MERIDA, Mexico—Acknowledging that their countries' important relationship needs a jump-start, President Bush and his Mexican counterpart, Felipe Calderon, pledged more cooperation on immigration and fighting drug traffickers at the start of daylong meetings Tuesday.

The private meeting at a plantation on the Yucatan peninsula marked Bush's first meeting with Calderon since the Mexican leader was inaugurated in December.

The two weren't scheduled to meet with reporters until Wednesday morning, after which Bush is to return to Washington, ending a weeklong Latin America tour that also took him to Brazil, Uruguay, Colombia and Guatemala.

Unlike at previous stops, anti-American demonstrations were muted Tuesday, with some protests in Mexico City, 850 miles away, and a handful of demonstrators near the Uxmal Mayan archaeological site, which Bush was to visit.

Security was tight in this seaside city, and police blocked off streets near the hotels where Bush and Calderon were staying. School was canceled for the day.

Calderon called on the United States to do more to combat drug trafficking.

"My government has done what corresponds to it: retake the streets and public plazas from the claws of delinquency and drugs . . . but to have success in this fight we need collaboration and the active participation of our neighbor," he said. If the United States doesn't do more to curb demand for narcotics, "it will be very difficult to reduce the supply in ours."

In the months since Calderon took office, he's made the drug war a top and visible priority, sending uniformed Mexican soldiers into drug-trafficking centers to back up beleaguered police. He surprised U.S. officials in January by extraditing two of Mexico's most notorious drug traffickers to the United States. The extraditions of Gulf Cartel leader Osiel Cardenas and Sinaloa cartel leader Hector "El Guero (Whitey)" Palma, while welcome, were unexpected.

Some analysts thought that Calderon's decision to emphasize drug-trafficking issues may have been an effort to show his independence from the United States. His predecessor, Vicente Fox, was criticized as being too close to the United States.

"The theme he has chosen and put on the table is drug trafficking," said Jose Antonio Crespo, a political analyst in Mexico City. The issue allows Calderon to tout his government's actions while criticizing the United States, Crespo said.

In his welcoming remarks, Calderon also called on the U.S. to help Mexico develop its economy, saying that as long as the United States is rich in capital while Mexico is rich in cheap labor, immigration cannot be stopped "by decree."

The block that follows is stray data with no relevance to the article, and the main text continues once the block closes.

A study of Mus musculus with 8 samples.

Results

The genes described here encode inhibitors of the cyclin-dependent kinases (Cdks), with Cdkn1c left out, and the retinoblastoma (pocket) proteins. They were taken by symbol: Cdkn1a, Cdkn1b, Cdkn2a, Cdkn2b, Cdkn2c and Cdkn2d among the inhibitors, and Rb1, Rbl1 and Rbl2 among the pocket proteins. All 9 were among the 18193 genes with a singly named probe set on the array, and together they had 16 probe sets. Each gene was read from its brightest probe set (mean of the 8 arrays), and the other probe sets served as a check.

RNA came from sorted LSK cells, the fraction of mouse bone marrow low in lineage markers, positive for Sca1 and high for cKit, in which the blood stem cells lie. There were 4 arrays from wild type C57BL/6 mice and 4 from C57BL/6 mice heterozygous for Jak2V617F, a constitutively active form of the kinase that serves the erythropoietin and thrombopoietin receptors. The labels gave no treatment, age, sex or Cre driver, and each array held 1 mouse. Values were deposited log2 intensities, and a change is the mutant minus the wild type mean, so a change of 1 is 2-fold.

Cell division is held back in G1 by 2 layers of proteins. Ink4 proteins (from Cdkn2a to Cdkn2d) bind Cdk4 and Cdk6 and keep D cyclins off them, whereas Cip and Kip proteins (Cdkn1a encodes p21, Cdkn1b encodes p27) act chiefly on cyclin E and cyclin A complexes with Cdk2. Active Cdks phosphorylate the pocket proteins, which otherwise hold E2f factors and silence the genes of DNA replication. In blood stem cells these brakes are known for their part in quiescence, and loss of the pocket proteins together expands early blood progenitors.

"We may truly stop migration by building a kilometer of highway in Michoacan or Zacatecas rather than 10 kilometers of walls on the border," Calderon said, referring to two Mexican states that provide tens of thousands of migrants to the United States.

Bush repeated in Merida what he'd said Monday in Guatemala: He'll dedicate the final years of his presidency to overhauling immigration law. He appeared to criticize Republicans who oppose his initiative.

"I remind my fellow citizens that family values don't stop at the Rio Grande River," Bush said, referring to the body of water that separates Mexico and the United States. He described Mexican immigrants in the United States as "decent, hardworking, honorable citizens of Mexico who want to make a living for their families."

Throughout his tour of Latin America, Bush has maintained that U.S. foreign policy hasn't forgotten the region. In Mexico on Tuesday, he appeared to acknowledge that free-trade policies haven't trickled down sufficiently to benefit the poor.

He also appeared to support Mexico's call for more aid to its impoverished south, which hasn't received the full benefits of the North American Free Trade Agreement, enacted in 1994.

"The people of the United States understand that when we help our neighbor build a better life for themselves, we advance peace and prosperity for all of us," Bush said.

The two leaders then began a meeting that lasted about two hours in the stately Hacienda Temozon, a restored and renovated farm originally built in 1655 that's now a luxury hotel.

Sitting across from one another at a long table in a room that included an old carriage and antique leather harness, Bush and Calderon were joined at the table by nine aides each.

Among the American officials present were Secretary of State Condoleezza Rice, National Security Adviser Stephen Hadley, Homeland Security Secretary Michael Chertoff and Commerce Secretary Carlos Gutierrez.

Mexicans present included Foreign Minister Patricia Espinosa, Government Minister Francisco Ramirez Acuna, Economy Minister Eduardo Sojo, Treasury Minister Agustin Cortens and Attorney General Eduardo Medina Mora.

After lunch with Calderon and his wife, Margarita Zavala, Bush and first lady Laura Bush spent the afternoon touring Uxmal before dining with Calderon and Zavala.